Tuesday, January 09, 2007

Why I Post on Things

In a brief look back at what I've posted on, I have noted a couple of things which someone who does not know me might think are just hobby horses. They aren't. They go to the heart of smaller investors having a fair chance to achieve their own financial goals through access to the good returns which the financial markets can provide for those who invest wisely and patiently. You see, getting those returns is my business.

I have written frequently about hedge funds. There is room in the world for them I guess. But they have huge clout and very little restraint, and serious potential for actions damaging to their own and other investors. Yes, the market will deal with a hedge fund which invests poorly, but I would really rather not have the world's financial markets go through convulsions with them in their death throes, if you don't mind. We get enough of those anyway.

I have written also frequently on the subject of shareholders' rightful interest in not having the corporate enterprise's earnings slashed by utterly fantastic manager pay, excessive managerial stock options, not to mention unscrupulous or illegal abuse of same. Corporate directors are before anything else the trusted stewards of the shareholders' property (the corporation, if you please) and should not forget that. Whether the stockholders are investing to fund their retirements, college for their children, or just to gainfully deploy the financial resources they have accumulated, they have skin in the game. A managerial "hireling" with big pockets and a short-term employment horizon should be seen as having a radically lesser stake in the corporation's earnings. Mutual funds have largely supplanted individual shareholders, for many valid reasons, but they should never feel that they have no responsibility to vote their shares wisely, and in ways jealously protective of their portfolio holdings' long-term investor returns.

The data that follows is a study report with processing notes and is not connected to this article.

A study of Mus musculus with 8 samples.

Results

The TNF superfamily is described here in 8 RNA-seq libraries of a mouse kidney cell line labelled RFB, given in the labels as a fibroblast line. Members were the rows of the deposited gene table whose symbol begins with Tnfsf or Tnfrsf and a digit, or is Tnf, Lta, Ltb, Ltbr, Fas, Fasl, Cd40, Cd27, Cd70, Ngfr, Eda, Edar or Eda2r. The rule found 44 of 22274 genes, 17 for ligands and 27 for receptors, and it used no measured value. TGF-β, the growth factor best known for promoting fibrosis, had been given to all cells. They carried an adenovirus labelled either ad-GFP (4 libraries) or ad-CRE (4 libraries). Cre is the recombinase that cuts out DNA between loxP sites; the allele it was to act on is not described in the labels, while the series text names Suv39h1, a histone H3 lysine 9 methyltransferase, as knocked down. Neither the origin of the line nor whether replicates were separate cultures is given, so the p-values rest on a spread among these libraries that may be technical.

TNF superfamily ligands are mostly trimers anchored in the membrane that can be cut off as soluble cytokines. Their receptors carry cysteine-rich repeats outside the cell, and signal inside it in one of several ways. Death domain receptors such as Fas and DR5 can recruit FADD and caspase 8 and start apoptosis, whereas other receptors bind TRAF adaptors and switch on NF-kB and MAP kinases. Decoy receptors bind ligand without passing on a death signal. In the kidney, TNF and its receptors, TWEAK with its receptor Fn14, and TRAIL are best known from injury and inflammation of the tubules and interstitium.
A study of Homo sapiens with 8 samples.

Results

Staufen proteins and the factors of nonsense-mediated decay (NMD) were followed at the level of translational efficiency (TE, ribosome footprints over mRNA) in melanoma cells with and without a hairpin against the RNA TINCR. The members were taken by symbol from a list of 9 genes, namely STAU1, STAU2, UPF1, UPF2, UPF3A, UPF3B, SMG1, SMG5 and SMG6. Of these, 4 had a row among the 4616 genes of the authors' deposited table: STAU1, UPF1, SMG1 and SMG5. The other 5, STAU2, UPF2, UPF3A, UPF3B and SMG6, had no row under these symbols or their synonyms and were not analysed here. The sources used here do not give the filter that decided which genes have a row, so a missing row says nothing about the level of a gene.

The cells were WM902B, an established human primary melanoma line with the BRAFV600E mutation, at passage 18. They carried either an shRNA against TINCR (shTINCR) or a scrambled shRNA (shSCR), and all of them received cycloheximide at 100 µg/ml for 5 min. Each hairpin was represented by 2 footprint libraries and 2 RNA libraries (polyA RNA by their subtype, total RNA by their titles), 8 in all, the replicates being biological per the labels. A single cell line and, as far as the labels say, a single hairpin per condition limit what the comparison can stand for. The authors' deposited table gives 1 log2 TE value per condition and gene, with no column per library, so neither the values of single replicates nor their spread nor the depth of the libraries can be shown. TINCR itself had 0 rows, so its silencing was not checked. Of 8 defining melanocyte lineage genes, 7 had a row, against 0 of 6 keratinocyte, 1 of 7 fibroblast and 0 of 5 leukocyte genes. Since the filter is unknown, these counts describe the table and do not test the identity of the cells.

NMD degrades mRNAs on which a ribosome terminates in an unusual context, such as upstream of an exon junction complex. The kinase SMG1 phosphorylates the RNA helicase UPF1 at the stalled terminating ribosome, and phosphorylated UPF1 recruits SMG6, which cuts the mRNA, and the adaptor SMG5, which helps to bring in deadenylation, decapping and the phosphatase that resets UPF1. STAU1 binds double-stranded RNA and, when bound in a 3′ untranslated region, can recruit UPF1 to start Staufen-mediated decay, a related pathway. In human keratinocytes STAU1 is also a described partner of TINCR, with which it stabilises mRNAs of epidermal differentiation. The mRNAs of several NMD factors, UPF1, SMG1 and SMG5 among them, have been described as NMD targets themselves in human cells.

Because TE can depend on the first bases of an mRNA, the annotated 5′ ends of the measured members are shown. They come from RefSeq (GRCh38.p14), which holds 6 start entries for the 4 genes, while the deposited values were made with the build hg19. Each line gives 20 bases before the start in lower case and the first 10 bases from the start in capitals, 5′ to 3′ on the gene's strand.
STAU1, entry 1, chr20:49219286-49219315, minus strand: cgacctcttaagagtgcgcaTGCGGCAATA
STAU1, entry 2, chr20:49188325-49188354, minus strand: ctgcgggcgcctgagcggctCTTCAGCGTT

The common theme: we all, as investors, need and require orderly financial markets, and good directorial stewardship in the Board Room.

I know one person who is rather cynical sometimes about things. He's pretty smart. I can almost hear him saying, "...you know, that really is the way it's always been, and it's the only way it ever will be, and you're too old to be sooooo naive." Well I would just say that there are two world views through which you can see how things are. I will take a "half-full glass" view, acknowledge the imperfections of people and organizations and try to do what I can. There is power in reason, and in communication. Improving things, even if just incrementally, is possible. That other view is no fun at all.